Problems with Web Bugs

Pervasive Yet Invisible

Our analysis of user expectations found that users are concerned about data collection and want greater control over the process, but they only voice their concerns when they perceive an invasion of privacy. Users have little control over the data collection by web bugs, but web bugs are essentially invisible to users, and therefore have not garnered much attention among average users.

Self-regulation is based on the premise that if users do not like a website’s practices, they can simply avoid the website. However, third-party trackers are not governed by a website’s privacy policy. Therefore, they have no incentive to allow users to view or delete information collected about them.

In addition to this lack of participation, users have no ability to avoid third-party tracking. There is no opt-out, let alone opt-in. The Network Advertising Initiative (NAI), a “cooperative of online marketing and analytics companies” [NAI, 2009], currently has an opt-out mechanism that requires users to download a cookie, which will let direct advertisers know not to install any third-party tracking cookies on the user’s computer.  This method of opt-out is unacceptable.  First, it only governs members of the NAI; tracking companies that are not members will still be able to use cookies and web bugs to collect data about users.  Second, users that decide to delete cookies on their machine may delete the NAI cookie inadvertently and open up their machine to third-party tracking again.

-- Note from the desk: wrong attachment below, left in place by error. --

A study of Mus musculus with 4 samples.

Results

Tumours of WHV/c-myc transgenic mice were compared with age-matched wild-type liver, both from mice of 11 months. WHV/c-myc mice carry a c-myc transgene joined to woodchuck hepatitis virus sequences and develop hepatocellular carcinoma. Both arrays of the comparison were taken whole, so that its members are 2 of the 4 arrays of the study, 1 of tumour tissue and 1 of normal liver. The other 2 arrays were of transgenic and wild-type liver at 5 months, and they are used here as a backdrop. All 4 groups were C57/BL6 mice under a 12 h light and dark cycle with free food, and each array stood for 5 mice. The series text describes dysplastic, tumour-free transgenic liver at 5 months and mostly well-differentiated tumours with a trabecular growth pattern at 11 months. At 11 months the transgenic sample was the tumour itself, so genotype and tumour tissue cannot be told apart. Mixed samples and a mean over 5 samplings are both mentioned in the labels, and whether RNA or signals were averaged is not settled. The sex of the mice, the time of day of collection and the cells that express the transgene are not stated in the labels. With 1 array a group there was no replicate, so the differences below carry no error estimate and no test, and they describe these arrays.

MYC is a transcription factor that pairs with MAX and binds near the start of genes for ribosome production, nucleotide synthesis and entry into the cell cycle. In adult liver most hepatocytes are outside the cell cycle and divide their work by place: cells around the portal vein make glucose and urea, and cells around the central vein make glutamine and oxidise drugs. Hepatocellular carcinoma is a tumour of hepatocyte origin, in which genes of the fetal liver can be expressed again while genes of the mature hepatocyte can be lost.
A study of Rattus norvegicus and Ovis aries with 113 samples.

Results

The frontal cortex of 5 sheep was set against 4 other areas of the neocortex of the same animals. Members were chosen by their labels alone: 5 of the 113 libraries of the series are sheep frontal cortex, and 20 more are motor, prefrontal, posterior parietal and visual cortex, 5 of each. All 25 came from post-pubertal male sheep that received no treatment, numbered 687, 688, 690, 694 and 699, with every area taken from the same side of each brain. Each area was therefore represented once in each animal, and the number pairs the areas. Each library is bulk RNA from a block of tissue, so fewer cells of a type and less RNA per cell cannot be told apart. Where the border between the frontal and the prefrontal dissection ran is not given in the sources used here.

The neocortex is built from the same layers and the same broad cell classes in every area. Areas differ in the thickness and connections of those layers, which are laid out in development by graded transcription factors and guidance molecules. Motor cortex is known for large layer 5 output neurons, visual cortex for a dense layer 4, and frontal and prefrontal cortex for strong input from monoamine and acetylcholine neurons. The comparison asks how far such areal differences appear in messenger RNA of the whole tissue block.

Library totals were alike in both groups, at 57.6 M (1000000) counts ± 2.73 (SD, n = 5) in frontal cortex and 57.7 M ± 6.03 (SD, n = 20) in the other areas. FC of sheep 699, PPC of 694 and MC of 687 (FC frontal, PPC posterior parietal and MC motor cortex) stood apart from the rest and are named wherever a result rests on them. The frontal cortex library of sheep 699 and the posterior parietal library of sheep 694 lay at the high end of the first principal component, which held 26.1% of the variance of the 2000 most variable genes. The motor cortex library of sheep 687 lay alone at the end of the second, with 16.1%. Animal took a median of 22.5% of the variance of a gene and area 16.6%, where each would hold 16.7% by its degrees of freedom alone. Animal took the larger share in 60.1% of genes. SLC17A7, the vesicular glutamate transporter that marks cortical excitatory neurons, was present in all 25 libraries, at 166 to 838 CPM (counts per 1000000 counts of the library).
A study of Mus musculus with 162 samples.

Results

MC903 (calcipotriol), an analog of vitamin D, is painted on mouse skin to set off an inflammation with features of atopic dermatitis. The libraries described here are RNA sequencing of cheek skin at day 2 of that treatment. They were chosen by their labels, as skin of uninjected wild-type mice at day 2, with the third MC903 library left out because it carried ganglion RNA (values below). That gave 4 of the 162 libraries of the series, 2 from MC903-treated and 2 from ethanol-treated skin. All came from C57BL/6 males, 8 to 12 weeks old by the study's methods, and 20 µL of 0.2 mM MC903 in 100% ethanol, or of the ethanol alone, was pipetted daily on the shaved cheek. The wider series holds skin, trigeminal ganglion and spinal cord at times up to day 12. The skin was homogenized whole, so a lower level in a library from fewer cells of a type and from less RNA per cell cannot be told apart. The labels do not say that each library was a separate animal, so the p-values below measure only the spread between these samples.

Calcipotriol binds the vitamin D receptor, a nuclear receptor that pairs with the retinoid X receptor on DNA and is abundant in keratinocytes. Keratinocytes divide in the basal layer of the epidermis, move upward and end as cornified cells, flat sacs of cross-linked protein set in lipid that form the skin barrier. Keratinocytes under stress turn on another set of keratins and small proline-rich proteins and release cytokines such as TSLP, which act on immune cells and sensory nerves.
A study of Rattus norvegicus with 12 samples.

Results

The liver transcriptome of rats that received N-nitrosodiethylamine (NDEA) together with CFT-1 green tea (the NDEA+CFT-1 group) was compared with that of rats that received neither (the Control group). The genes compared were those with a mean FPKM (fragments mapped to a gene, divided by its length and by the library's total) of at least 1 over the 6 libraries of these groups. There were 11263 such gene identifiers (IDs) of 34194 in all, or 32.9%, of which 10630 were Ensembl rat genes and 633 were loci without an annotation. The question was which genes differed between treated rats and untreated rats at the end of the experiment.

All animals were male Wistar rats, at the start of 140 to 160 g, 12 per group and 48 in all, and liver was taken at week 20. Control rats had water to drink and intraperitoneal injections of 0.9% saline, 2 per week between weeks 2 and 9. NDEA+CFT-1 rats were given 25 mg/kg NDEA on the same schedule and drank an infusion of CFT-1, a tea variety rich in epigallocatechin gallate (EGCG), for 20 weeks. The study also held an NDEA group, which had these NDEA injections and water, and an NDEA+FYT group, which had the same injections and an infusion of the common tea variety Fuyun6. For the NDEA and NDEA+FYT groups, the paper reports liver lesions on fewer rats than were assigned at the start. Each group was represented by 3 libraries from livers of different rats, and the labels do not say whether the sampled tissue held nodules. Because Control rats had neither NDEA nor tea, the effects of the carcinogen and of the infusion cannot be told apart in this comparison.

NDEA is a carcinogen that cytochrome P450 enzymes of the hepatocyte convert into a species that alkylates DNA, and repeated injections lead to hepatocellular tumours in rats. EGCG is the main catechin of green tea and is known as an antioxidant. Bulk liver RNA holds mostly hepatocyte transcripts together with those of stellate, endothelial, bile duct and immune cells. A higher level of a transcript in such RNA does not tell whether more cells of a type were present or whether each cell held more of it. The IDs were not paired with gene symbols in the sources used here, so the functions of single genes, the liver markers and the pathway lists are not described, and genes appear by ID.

Users cannot avoid trackers by avoiding websites that use them; our data shows that trackers are ubiquitous on the web.  Many browsers give the user the option to block third party cookies, but this does not block JavaScript web bugs.  Browser technology could create a system by which users could block content coming from a server other than the one serving the web page.  However, that would also block a lot of desired content, such as embedded videos, or framed websites that result from a Google image search, and would totally disrupt web advertising norms.  This is a case of market failure, as users have no options to protect their privacy. 



We recommend that the practice of third-party tracking be made more transparent. It currently operates in a policy loophole, by which neither the website nor the tracker are clearly accountable for the data collected. We recommend that websites define the policies of the third party trackers it allows on its site, or at a minimum, link to the appropriate policies on the tracking companies’ websites and specify which practices fall under each policy.


We recommend regulation by which third-party trackers must allow users to see all the data that has been collected about them.


The presence and purpose of third party tracking should also be made more salient in the minds of users. We recommend that all browser developers provide a Ghostery-like function in their browsers that alerts users to the presence of third-party trackers.